Time is money. Time is the most precious commodity. We hear that all the time and yet we so willingly give it up. As a leader, I want to advise you to put a value on your time and teach others to value your time as well.
How? Be unavailable.
As a sales rep, I had to manage my time and clients shrewdly. My goal was to be easily accessible but not always available. I had responsibilities with other clients and I needed to allow myself time to be accessible for them. So I made some hard rules about the way I spent my time during the week.
I remember wanting to eat my handgun because of all the worthless internal conference calls/meetings I had to endure. That isn’t going to change. So resign yourself to at least one day a week where you have to adhere to someone else’s timetable. The day of the week for me was every Monday. I gave up my Mondays to administrative work and being handcuffed to the desk or conference line.
I made some hard rules. I would use my Tuesdays, Wednesdays, and Thursdays for client meetings at 10AM and 2PM. Any week, every Tuesday or Thursday at 10 or 2, I was with a client. I planned nothing else during the week. It made scheduling easy. I put the client on notice that I determined the time to meet. When a client needed to meet, I gave them a time to meet. For example, a client would call me on Monday demanding a meeting at the earliest time. I would look at my calendar and see Tuesday at 10AM open…but I also noticed that 2PM on Wednesday opened up. I would offer them 2PM. My time is of value. By delaying the client, it told them that I have a busy week and I dictate my schedule. This method earned me a lot of respect and it taught my clients that when I spent time with them they were worth my time. Also I would never hurry over to a client’s office saying I’m free now. That just screams that you are not busy and you are not taking care of your clients or them.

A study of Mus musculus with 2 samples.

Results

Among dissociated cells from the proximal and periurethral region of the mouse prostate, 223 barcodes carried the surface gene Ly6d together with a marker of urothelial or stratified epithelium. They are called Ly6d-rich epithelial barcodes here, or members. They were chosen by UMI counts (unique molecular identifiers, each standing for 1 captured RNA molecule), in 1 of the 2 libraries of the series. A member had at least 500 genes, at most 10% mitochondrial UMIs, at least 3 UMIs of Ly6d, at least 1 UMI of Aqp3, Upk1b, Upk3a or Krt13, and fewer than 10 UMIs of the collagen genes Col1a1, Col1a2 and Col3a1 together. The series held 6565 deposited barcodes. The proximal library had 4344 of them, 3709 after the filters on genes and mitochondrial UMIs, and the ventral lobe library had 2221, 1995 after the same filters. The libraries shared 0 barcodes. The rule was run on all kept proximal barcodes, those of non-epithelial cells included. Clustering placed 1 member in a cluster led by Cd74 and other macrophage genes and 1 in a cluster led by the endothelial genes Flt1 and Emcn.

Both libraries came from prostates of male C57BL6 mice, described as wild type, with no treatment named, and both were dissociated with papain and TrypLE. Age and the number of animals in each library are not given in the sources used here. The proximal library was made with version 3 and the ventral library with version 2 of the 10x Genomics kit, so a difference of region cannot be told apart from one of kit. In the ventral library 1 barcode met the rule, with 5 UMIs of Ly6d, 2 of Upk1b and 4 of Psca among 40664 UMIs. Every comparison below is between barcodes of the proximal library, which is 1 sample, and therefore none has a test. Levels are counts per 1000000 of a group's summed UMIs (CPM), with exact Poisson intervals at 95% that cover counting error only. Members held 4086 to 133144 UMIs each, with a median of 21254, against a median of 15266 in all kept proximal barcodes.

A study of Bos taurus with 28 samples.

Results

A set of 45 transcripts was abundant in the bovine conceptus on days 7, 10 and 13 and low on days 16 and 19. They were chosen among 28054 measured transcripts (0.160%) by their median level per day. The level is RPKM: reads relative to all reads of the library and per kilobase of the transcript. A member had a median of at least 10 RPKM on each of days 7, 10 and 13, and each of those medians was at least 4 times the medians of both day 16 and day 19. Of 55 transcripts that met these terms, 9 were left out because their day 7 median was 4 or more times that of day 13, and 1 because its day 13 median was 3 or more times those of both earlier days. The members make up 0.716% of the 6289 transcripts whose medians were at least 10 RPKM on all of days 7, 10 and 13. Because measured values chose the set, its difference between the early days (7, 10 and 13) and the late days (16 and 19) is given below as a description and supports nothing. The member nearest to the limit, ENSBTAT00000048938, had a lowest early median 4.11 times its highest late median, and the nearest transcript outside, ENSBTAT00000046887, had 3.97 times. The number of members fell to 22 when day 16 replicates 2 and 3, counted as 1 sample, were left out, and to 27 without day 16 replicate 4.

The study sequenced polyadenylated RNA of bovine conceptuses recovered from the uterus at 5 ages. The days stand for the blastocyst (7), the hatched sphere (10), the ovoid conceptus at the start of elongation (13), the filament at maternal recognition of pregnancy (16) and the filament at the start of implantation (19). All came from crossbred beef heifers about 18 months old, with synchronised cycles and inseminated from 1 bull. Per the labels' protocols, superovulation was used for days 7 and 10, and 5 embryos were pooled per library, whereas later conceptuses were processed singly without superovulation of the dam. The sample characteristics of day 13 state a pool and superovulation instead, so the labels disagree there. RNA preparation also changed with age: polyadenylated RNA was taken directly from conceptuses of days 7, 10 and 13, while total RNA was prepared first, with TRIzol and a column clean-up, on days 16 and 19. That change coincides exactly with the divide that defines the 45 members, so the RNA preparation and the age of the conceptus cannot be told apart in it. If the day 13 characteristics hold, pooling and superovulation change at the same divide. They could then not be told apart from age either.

If you don’t value your time, no one will.
I have noticed that the younger generation is always available; my young partner never lets his phone go to voice-mail. At first, I thought it was me. He found my conversation boring but in reality he is symbiotically connected to his phone. He always answers. He is never NOT available. This is hard to explain but it relays a message that your time is not worth much. The caller thinks So-and-So is not busy or doing anything important (EVEN THOUGH HE IS AT WORK, AT A FAMILY GATHERING, PRESENT AT THE BIRTH OF HIS/HER FIRST CHILD) so I can call him. It gives the caller a false sense of importance. It teaches callers that you will DROP everything just to hear their voice. Voice-mail is there for a reason. Use it. Now if your job entails taking a call from Benghazi during a firefight…you may want to answer it. Otherwise, it can wait.
I remember growing up as a child and my mom would allow me to go to a friend’s house. She would always say “call me when you get there.” Leaders, take time to travel. Be quiet in your car. Be unavailable. Return your calls when you arrive at your destination. Try it.
Listen. Have fun with it. Tell yourself that you will let every third call go to voice-mail. You won’t answer that text until AFTER you leave the public restroom. (Think about that the next time you use someone else’s cell phone.) Or you won’t answer the cell while you are in line paying for your groceries or while you’re in the stall. Be unavailable. Value your time.
Next week we will talk about team meetings, texting, and dating. No really. Dating…especially for you married folks. I mean it. Stay tuned.